KIEV/THE HAGUE, July 22 -- The black boxes from the crashed flight MH17 have been handed over to Dutch investigators in Ukraine, and will later be sent to the British Air Accidents Investigation Branch (AAIB) for forensic analysis.
"The black boxes from flight MH17 have been handed over by Malaysian experts to the Dutch Safety Board (OVV) that is leading the international investigation," the Dutch Foreign Ministry announced late Tuesday.
The black boxes will then be passed on to Farnborough in Britain, where experts can read the data stored in the black boxes and try to find the exact cause of the crash.
"It is normal procedure for black boxes to be sent for analysis to the nearest laboratory authorized by the International Civil Aviation Association," Malaysian Transport Minister Liow Tiong Lai said Wednesday.
The transportation will be accompanied by members of the international investigation team.
The Boeing 777 en route from Amsterdam to Kuala Lumpur crashed near the eastern Ukrainian city of Donetsk Thursday, killing all 298 people on board.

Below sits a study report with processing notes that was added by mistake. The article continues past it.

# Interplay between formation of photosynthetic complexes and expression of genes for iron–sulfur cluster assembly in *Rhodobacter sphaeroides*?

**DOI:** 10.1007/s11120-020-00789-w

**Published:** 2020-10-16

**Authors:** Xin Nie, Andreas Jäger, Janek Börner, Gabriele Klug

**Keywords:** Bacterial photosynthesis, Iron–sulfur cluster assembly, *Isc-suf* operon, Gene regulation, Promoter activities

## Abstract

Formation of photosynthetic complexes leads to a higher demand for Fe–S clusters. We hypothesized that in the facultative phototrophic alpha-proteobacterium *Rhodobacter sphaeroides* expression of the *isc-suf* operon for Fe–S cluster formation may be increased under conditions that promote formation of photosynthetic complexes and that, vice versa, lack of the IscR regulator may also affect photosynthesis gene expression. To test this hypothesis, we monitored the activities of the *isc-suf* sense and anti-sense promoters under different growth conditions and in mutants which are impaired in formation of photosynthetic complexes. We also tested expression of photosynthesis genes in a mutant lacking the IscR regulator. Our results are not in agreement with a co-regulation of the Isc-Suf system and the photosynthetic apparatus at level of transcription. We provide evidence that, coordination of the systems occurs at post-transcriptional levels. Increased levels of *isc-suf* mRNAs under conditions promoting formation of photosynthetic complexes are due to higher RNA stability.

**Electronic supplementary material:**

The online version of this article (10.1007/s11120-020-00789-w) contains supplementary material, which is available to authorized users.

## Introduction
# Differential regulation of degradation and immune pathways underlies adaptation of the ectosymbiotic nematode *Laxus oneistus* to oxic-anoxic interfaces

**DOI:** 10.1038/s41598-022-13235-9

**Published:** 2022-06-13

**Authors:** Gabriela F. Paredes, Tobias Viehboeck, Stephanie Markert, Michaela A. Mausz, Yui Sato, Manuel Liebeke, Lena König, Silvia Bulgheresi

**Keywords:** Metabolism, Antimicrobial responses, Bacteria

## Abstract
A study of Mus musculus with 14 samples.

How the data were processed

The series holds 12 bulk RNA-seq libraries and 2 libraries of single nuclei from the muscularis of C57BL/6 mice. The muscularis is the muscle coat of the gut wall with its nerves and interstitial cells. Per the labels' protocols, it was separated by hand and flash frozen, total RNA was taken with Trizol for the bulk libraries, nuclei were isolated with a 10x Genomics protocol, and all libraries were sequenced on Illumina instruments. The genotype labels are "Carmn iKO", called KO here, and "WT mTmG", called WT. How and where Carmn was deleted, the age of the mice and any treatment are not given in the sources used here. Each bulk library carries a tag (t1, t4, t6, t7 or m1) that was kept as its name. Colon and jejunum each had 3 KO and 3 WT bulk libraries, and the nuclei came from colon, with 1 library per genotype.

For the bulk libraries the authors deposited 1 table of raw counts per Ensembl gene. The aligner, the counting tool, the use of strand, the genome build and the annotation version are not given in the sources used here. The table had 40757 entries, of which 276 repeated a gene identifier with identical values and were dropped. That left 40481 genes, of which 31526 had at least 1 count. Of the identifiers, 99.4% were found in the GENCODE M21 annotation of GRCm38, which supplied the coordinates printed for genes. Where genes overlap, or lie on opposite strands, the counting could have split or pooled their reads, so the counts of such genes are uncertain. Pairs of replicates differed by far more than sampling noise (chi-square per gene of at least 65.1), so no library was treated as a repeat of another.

Meanwhile, the first remains of victims are to arrive Wednesday in the Netherlands, which lost 193 citizens in the fatal crash.
"Once a number of victims are ready to go, a plane will fly to Eindhoven Airport," said Dutch Prime Minister Mark Rutte Tuesday. "This process will be done in stages so that everyone in Ukraine and the Netherlands can do their work as well as possible. I expect the first flight to Eindhoven in the course of Wednesday."p From Eindhoven in the southern Netherlands, the victims will be transferred to the Corporal Van Oudheusden barracks in Hilversum near Amsterdam for identification.
"After the identification, the first to inform is the family," Rutte continued. "That can happen quickly sometimes, but it can also take weeks or months."
Ukrainian Prime Minister Arseny Yatsenyuk on Monday said the rescuers have recovered 272 bodies from the crash site
But international monitors were less satisfied with the result. "There is still evidence of missing human remains in at least two of the locations," said Michael Bociurkiw, a spokesman for the Organization of Security and Cooperation in Europe (OSCE)'s mission to Ukraine after visiting the impact site.
International monitors said more remains were left decomposing under the sweltering summer heat in the vast crash site littered with poignant fragments from hundreds of destroyed lives.
The monitors also observed changes at the site: "The fuselage has been moved. It appears that the cone section had been split into two and there could have been possible changes to the tail fin as well," Bociurkiw said.
But the spokesperson said that they would leave the examination to experts and not "speculate."